A swimming pool can be a lot of fun for your family, especially during the hot summer months, but drowning prevention and education are important considerations in order to keep your children safe around the water. In the United States an average of 3 children drown every day. This is perhaps partially because many people expect that a drowning child will splash loudly and yell when drowning but this is usually not the case. Often it happens quietly without anybody noticing. This is because most drowning incidents occur without the person making it back to the surface to yell or splash.
But with proper training and supervision, drowning and injuries can be prevented. The most important thing to remember is constant supervision. Young children should never be left unattended in – or near – the pool for even a moment: it is easy to get distracted by something and lose track of time. If you must leave the pool area, so should they. A good supervisor must act like a lifeguard and be constantly alert, not distracted by yard work, reading a magazine, or text-messaging. When supervising more than one child, keep a running head count.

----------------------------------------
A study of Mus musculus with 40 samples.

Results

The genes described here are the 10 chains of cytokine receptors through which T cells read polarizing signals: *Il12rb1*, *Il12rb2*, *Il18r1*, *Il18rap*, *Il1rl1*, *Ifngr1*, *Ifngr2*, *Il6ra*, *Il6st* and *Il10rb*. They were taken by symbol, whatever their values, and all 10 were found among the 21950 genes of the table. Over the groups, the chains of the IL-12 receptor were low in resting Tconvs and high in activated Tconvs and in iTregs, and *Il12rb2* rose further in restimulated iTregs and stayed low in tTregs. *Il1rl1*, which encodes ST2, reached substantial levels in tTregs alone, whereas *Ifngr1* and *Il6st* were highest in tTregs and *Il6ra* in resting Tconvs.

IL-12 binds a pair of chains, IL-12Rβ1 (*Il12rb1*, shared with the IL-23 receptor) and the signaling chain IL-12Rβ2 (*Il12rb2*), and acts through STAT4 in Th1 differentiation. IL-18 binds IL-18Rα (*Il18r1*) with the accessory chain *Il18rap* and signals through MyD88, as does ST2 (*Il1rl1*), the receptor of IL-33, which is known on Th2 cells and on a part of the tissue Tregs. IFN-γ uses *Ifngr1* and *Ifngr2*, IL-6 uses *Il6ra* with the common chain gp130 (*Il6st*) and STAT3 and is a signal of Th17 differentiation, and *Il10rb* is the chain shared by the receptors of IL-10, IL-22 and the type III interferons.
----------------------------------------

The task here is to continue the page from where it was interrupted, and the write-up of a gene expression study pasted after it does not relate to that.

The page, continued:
Teach Them to Swim
Swimming lessons are a great first step in protecting your children from drowning. If you have a swimming pool in your back yard, swimming lessons for all of your children should be a top priority. Getting them used to the water at a young age can help a lot in reducing risk by making them more comfortable and confident swimmers. Even the best swimmers can drown in the wrong circumstances, however, so all children, regardless of swimming ability, should be monitored in the water.
Enforce the Rules
A good way to enforce the rules is to make it clear from the outset that pool use is a privilege and, in order to earn and keep that privilege, children must learn and follow all pool rules. Control access to the pool by putting a fence around it with a combination lock.
Keep it mellow when kids are playing near the pool: running on slippery surfaces can be dangerous and is an accident waiting to happen. Keep horseplay away from the pool and set a good example. Set boundaries in the pool and show kids where the deep parts are. A good way to decide on boundaries is to take them on a tour of the pool to see where they can and cannot stand.